Checklists more effective when physicians are prompted to use them

One ICU's death rate fell when residents nudged colleagues to take action based on the information gathered.

By Kevin B. O’Reilly — Posted July 19, 2011


A study of 265 critical care patients at Northwestern Memorial Hospital in Chicago found that intensivists who relied on checklists alone did not reduce mortality rates. However, the death rate was cut in half when the checklist was accompanied by residents who asked the attending physicians how to act on information related to matters such as antibiotic prescribing, ventilator use and central-line placement.

The residents were asked to nudge physicians if the checklist indicated a need for a question, and the residents were given a script of what to ask.

"We always saw the checklist as sort of a data repository meant to trigger a decision," said Curtis H. Weiss, MD, lead author of the study. "But there was a disconnect between the information on that ... piece of paper actually leading to a decisive change. The missing link was the process of prompting a physician to make a decision based on the information."

There were cases, for example, when the checklist showed that a patient had a femoral central line in place for a week. The evidence says that to avoid infection such lines should be removed and placed at another bodily site within one to two days unless there is a significant contraindication. In such cases, residents involved in the study would ask the attending physician, "The femoral central line has been in place for seven days. Do you want to continue it?"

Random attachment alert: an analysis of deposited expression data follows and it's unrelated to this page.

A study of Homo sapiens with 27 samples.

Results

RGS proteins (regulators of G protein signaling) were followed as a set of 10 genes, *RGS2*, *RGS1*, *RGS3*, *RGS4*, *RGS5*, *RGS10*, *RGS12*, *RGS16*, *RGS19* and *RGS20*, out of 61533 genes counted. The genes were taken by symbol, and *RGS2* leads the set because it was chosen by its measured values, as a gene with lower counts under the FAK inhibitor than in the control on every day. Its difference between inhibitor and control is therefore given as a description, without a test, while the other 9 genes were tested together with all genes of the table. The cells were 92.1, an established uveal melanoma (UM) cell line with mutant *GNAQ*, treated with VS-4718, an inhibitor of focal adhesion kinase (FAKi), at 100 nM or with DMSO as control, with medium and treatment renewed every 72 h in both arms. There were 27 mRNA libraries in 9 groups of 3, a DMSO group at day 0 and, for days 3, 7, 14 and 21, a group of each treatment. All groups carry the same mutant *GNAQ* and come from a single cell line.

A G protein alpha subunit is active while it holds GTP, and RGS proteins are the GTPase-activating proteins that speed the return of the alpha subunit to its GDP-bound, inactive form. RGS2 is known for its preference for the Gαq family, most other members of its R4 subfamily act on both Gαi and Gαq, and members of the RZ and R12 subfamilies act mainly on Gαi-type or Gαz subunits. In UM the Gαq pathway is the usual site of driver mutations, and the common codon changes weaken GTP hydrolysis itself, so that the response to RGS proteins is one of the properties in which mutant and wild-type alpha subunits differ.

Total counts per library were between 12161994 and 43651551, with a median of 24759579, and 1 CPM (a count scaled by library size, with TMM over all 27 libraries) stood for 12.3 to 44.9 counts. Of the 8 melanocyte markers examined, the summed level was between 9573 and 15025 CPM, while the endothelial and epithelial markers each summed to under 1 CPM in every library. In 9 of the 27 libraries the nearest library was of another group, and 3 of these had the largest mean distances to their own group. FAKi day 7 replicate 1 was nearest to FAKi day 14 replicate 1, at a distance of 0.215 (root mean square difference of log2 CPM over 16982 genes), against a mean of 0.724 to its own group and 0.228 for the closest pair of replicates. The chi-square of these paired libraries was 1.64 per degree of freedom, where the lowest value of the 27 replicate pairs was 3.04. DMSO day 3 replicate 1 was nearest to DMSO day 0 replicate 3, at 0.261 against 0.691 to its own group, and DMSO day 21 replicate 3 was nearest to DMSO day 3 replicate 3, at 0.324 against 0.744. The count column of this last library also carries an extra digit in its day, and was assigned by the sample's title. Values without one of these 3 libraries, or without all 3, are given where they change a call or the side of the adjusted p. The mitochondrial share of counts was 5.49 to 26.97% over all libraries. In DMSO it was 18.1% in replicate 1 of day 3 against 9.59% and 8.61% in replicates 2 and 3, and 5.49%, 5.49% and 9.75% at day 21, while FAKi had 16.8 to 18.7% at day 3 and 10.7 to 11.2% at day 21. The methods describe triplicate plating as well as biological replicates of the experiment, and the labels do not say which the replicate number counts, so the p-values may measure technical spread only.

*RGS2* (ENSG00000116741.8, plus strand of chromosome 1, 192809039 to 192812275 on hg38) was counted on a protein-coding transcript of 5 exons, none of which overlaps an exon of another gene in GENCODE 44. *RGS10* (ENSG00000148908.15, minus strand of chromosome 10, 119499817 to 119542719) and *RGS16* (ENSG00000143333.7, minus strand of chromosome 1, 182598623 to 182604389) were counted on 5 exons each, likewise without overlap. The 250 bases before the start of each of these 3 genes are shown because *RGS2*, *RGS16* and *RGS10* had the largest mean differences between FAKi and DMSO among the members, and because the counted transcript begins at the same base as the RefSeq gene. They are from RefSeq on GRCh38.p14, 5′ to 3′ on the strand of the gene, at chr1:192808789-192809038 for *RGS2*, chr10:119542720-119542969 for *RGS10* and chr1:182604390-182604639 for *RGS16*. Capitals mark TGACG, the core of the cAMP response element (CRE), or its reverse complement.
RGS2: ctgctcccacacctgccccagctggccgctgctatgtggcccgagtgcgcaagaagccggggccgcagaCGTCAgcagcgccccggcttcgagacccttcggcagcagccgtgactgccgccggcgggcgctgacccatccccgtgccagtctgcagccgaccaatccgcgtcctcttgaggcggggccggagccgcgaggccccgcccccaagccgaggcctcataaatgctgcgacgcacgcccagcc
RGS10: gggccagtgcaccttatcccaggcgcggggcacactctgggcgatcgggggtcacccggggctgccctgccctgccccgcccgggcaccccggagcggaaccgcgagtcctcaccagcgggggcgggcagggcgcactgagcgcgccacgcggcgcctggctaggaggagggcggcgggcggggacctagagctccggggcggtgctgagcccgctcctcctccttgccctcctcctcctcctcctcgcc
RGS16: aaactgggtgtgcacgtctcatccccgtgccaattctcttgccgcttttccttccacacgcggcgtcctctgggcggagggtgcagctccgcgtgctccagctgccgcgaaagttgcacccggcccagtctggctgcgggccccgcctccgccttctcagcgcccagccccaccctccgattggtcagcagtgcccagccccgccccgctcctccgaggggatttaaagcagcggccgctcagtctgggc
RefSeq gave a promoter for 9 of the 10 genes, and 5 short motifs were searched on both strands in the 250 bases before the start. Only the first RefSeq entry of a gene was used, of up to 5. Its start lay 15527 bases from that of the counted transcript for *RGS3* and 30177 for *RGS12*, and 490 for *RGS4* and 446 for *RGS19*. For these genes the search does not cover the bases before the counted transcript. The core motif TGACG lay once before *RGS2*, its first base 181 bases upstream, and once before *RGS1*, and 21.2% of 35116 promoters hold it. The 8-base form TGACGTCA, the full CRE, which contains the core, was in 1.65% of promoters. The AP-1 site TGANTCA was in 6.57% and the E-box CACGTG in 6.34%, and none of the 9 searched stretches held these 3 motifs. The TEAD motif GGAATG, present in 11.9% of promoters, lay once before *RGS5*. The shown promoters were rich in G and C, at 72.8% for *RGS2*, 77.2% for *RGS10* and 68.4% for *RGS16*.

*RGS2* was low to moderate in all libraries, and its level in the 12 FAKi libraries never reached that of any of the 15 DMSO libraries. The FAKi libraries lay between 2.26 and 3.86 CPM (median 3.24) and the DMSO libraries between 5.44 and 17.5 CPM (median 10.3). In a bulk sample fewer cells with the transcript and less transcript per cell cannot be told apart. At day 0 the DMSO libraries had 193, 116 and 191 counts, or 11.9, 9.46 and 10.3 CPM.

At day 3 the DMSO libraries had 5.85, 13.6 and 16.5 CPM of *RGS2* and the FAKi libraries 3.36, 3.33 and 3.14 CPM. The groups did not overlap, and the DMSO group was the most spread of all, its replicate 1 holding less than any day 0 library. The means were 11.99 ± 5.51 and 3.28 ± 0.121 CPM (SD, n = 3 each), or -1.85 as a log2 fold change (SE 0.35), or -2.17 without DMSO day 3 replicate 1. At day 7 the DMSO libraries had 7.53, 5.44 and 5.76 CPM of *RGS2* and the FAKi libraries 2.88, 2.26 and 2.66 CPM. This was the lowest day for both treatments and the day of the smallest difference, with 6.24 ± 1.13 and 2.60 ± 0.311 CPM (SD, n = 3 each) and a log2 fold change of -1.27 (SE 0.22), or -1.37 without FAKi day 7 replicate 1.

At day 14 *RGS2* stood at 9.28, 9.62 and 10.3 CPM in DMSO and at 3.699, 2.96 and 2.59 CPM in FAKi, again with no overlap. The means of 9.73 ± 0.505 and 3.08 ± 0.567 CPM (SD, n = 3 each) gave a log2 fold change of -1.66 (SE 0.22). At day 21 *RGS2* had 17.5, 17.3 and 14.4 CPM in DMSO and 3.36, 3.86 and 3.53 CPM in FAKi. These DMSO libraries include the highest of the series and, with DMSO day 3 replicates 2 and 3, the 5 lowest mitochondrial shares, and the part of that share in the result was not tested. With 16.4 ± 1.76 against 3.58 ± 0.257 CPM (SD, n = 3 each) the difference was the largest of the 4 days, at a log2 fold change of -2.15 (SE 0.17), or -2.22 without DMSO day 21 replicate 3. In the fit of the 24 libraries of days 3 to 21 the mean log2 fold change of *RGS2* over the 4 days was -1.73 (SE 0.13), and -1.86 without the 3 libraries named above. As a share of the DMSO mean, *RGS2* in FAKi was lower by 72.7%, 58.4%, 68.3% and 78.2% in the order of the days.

They asked similar questions designed to prompt physicians to remove Foley catheters or begin measures to prevent stress ulcers or deep vein thrombosis, as indicated by the checklist. Patients cared for in the "nudge" group had 45% fewer deaths from sepsis, said the study, published online May 26 in the American Journal of Respiratory and Critical Care Medicine (link). The results were adjusted to account for differences in the severity of patients' illnesses.

Spreading the nudge

If the results can be replicated, implementing such a nudging initiative outside academic medical centers will not be easy, said Dr. Weiss, instructor in the Division of Pulmonary and Critical Care Medicine at Northwestern University Feinberg School of Medicine in Chicago.

"It's hard to ask a community hospital to hire a physician to do this," he said. "We recognize that's not really scalable to other institutions for a longer period of time than what we did. We're designing an electronic checklist and plan to compare that to personal prompting."

Building the nudge into health information technology could have its own drawbacks, Dr. Weiss said. "My main concern with electronic prompting is alarm fatigue."